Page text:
Have you ever worried about leaving an inheritance to a child or grandchild with an unstable marriage?  What if there is a divorce?  Has a heir of yours already been divorced?  What if they already had the inheritance?  would it still be intact?

There is generally a view among clients visiting us for the first time that it is a devil's choice.  They believe that they either leave an inheritance to an heir and run the rist of divorce, or they disinherit that heir or leave them less.

There are however, planning tools and estate planning secrets that allow you to give a child or grandchild almost full use of assets while protecting them from creditors of the child and even from divorce.

These planning options run across a spectrum ranging from simple to very complex.  As is often the case, the more complex the plan the more effective it is.  Asset protection is generally about layering the techniques to make them less attractive and more expensive to attack.  And divorce protection planning is the same.

First, and at the most simple level.  You can leave assets outrigh, but leave a note or memorandum to the heir encourging the assets to be kept in a segregated account and that they not be placed in joint names with a spouse.  In Pennsylvania, this does offer some protection.  If the heir keeps the assets separate, they do not become matital assets in the event of a divorce.  However, the growth in the value of those assets is marital property. So an issue still remains and, there is a strong psychological compulsion of heirs to make the assets joint even with your memorandum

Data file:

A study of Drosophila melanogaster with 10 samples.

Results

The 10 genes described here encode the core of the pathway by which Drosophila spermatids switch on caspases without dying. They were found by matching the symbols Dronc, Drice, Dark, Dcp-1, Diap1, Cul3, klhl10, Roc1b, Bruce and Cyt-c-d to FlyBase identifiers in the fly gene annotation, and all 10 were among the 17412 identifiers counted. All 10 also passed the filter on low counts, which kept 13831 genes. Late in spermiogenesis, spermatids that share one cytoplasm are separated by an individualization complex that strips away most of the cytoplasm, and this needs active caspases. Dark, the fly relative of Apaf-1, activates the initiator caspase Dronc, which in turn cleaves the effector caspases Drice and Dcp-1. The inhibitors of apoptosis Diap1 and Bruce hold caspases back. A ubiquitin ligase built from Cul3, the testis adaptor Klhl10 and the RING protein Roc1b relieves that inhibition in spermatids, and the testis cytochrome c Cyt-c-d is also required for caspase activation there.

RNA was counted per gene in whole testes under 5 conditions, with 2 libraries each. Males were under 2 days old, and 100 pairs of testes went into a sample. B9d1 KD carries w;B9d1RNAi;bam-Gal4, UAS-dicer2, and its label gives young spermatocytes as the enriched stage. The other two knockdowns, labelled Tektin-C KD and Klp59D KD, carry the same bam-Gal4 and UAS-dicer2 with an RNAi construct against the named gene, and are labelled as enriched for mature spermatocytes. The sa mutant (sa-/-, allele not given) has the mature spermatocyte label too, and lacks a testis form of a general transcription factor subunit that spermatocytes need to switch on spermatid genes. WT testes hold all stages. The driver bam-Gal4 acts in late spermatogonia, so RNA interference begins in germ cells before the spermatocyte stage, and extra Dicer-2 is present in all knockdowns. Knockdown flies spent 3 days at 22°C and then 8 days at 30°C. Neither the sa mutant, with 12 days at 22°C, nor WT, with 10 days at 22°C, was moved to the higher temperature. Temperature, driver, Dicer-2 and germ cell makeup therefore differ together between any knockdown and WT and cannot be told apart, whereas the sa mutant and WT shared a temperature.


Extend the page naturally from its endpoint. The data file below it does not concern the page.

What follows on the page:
Next, you can also suggest a pre or psot nuptual agreement be executed as a condition of the gift.  Understand however, that this can be viewed a medling in the affiars of your heirs and can cause hard feeels and a problem within their relationship.  Also, the heir is free to ignore the document or to voluntarily modify it before or after your death and you would not know.  Even where a lawyer is paid by a parent, the lawyer cannot disclose communiocations with the child.

So, while these alternatives have some merit in simplicity, there are obvious disadvantages.

In the next installment we will examine a nummber of more powerful and effective techniques that many affluent families are using.  In the meanwhile, we have an article on this topic that you can read here just by clicking. 

If you have questions or comments please leave them below or email me at [email protected]

David M. Frees III, Esquire is Chariman of the Trust, Estates, and Wealth Preservation Section
of Unrh, Turner, Burke and Frees
He is also an author and speaker on the topics of intergeneraltional wealth, Estate and Inheritance Tax Planning,
Philanthropy and Family Foundations and Donor Advised Funds.